Monday, April 16, 2007

The More You Feed Them, The More They Read



Fourth grade is one of those make or break grades. It becomes sadly apparent who has college potential and whose career will peak with the phrase “and do you want fries with that?”

It’s sad to think that one’s life path is already determined when a child reaches the ripe old age of 9. It’s not set in stone and we all do what we can to make sure the kids have options that don’t involve hamburgers or mops.

One thing we notice is that the enthusiasm for school, learning and reading often plummets. Fourth grade is when the curriculum moves from learning to read to reading for content and many low SES students really struggle with the switch.

After a round of appalling benchmark test scores a couple of 4th grade teachers and myself came up with the “Library Club” and the “Cafeteria Club”. Students who have been doing their reading homework may bring their trays to the library and enjoy lunch in semi civilized surroundings. They may decide where they will sit and who they will sit with. They don’t have to sit with their class – they can sit with friends in other 4th grade classes.

Students who haven’t kept up with their reading homework eat in the cafeteria and read once they have finished eating. We’ve had to assign books to some of them. They are very creative when it comes to offering excuses as to why they haven’t done their homework.

We use “AR Points” as our barometer and raise the bar by 5 points every 2 weeks. Good life lesson – you can’t rest on your laurels just because you have reached a goal. You have to strive for another one. Goal setting is another life skill low SES students need to practice.

It’s been interesting to watch the kids. Some keep on reading regardless (those are the kids on college track), others still offer myriad excuses and some are determined to avoid the cafeteria at all costs. The latter group has started reading – they may slip back into the cafeteria but they quickly read their way back to the library. These are the “bubble kids” – the ones that can go either way and these are the kids we try extra hard to keep on the right track.

The students are amazingly civilized. They enjoy the privilege of picking up their trays and walking out of the cafeteria and they really do behave themselves. I’ve taken to sitting with various groups and it’s fun to talk to them. We talk about food, books and occasionally I interject a lesson in table manners or polite conversation.

The Principal is happy – it’s good for the children & doesn’t cost a penny. The teachers are happy – homework is getting done. The cafeteria monitors are thrilled –the cafeteria isn’t nearly the Animal House it used to be. The kids love it- they feel important and special. I’m happy – I’m collaborating with the 4th grade team and the library is being an integral part of this collaboration. Best of all, the Benchmark scores are up!.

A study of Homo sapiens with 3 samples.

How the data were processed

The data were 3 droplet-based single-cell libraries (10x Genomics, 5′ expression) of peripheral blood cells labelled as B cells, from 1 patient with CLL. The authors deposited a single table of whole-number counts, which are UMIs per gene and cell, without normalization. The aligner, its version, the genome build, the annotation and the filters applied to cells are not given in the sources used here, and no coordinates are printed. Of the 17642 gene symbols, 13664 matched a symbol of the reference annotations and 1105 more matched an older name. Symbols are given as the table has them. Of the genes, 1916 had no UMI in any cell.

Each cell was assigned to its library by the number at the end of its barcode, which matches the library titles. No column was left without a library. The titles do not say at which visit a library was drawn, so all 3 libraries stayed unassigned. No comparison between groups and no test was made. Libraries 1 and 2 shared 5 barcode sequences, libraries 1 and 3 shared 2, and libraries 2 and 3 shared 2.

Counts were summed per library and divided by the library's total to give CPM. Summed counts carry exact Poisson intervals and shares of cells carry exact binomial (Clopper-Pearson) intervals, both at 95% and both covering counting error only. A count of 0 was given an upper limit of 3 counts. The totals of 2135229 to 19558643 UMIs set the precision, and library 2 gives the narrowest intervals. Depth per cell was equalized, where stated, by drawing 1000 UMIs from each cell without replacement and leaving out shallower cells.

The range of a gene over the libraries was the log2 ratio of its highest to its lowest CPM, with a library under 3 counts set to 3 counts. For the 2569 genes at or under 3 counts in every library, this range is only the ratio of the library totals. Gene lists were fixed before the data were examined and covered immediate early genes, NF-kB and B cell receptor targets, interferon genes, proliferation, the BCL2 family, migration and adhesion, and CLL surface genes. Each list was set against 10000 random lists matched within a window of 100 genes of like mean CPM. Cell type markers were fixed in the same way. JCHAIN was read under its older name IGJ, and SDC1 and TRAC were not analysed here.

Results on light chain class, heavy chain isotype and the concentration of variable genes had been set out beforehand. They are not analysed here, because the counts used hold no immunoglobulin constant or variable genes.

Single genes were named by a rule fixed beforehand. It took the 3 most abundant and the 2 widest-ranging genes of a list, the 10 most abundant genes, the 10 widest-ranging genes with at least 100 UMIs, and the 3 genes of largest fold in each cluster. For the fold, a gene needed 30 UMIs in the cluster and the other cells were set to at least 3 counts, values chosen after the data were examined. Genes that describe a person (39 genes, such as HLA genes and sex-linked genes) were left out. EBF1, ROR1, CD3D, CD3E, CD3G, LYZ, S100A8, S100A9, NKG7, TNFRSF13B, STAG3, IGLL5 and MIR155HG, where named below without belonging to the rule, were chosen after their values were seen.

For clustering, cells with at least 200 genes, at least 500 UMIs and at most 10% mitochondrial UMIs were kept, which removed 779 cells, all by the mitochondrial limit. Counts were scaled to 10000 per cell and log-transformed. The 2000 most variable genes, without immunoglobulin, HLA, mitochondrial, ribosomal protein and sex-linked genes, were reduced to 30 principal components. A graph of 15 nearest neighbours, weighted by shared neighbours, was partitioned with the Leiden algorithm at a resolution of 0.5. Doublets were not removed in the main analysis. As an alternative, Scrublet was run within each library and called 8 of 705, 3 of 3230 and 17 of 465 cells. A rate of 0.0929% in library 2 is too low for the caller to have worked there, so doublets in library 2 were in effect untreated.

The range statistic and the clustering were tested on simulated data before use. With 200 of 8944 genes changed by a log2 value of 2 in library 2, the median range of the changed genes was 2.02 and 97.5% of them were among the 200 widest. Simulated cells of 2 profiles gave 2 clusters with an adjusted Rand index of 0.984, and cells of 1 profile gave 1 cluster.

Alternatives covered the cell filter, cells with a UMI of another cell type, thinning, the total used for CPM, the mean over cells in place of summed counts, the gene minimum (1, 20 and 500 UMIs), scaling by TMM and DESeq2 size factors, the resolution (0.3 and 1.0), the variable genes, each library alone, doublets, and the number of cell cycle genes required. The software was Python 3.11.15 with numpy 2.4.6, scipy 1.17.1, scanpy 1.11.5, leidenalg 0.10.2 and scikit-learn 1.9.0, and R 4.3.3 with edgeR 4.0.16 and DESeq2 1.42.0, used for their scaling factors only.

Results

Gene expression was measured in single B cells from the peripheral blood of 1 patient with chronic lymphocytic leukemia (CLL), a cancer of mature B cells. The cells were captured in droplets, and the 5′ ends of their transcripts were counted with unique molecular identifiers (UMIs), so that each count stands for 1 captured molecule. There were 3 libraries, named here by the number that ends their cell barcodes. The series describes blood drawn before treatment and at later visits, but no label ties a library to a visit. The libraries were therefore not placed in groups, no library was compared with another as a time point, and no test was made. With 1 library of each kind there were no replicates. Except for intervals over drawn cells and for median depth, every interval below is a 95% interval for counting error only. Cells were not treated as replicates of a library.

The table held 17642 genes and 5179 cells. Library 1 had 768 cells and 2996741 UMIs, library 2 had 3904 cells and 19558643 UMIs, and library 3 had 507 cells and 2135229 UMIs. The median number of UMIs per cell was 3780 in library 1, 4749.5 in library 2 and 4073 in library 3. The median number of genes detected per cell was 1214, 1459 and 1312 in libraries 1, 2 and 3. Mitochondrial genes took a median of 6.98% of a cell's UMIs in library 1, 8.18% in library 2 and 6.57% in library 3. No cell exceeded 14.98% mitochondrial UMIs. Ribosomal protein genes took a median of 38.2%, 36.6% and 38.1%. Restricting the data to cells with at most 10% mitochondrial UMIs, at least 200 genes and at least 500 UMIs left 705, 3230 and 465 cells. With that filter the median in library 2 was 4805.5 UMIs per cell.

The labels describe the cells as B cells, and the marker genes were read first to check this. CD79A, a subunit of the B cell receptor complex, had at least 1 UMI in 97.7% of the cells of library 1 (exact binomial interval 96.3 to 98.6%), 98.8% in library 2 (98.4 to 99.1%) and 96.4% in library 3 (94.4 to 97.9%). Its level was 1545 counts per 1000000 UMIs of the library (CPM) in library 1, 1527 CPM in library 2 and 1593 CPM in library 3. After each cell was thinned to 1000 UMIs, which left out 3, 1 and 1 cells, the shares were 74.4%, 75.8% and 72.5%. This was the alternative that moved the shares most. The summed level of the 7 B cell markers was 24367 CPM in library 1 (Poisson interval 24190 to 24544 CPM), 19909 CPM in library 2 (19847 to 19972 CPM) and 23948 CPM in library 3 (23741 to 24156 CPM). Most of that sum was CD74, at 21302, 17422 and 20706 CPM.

5 comments:

Amanda said...

Great blog. That is true.

Amanda

http://thetimemastery.com

Mrs. T said...

What a fantastic idea! I am glad you're making the library a kid friendly place.

ms. whatsit said...

Many middle school students struggle to find the time and a reason to read also. At my school, we implemented a Scholastic Reading Counts online quiz requirement. Students have to pass the quizzes for three books or earn 25 points every trimester. There are thousands of books to choose from and the program is designed so that teachers can write quizzes for books if no quiz is available. Students are required to read for 25 minutes three days a week during home room.

Believe it or not, some teachers (mostly science and math teachers) complain about this program; but some kids will only read if you tell them that they have to, and it is for this reason that I wholeheartedly support this kind of program.

I like that your program includes food. In our local elementary schools, they call it "read & feed," which as a parent I always thought was a funny name. It does, however, ensure that students are not sleepy from hunger. With that in mind, I might start letting kids bring in their own snacks.

Anonymous said...

I recently attended a conference called "Connecting Boys to Reading" the speaker, Michael Sullivan was excellent. He discussed the reading drop off in 4th grade too. This is his website it has a lot of great book recommendations for reluctant readers http://talestoldtall.com/

ivy826ivy said...

Wow, I wish I would have read about this during this last school year. Half of my 4th grade class didn't do their homework, and their benchmark scores were awful. I got hired as a librarian for this next year, and I know it will be a great way to collaborate with teachers.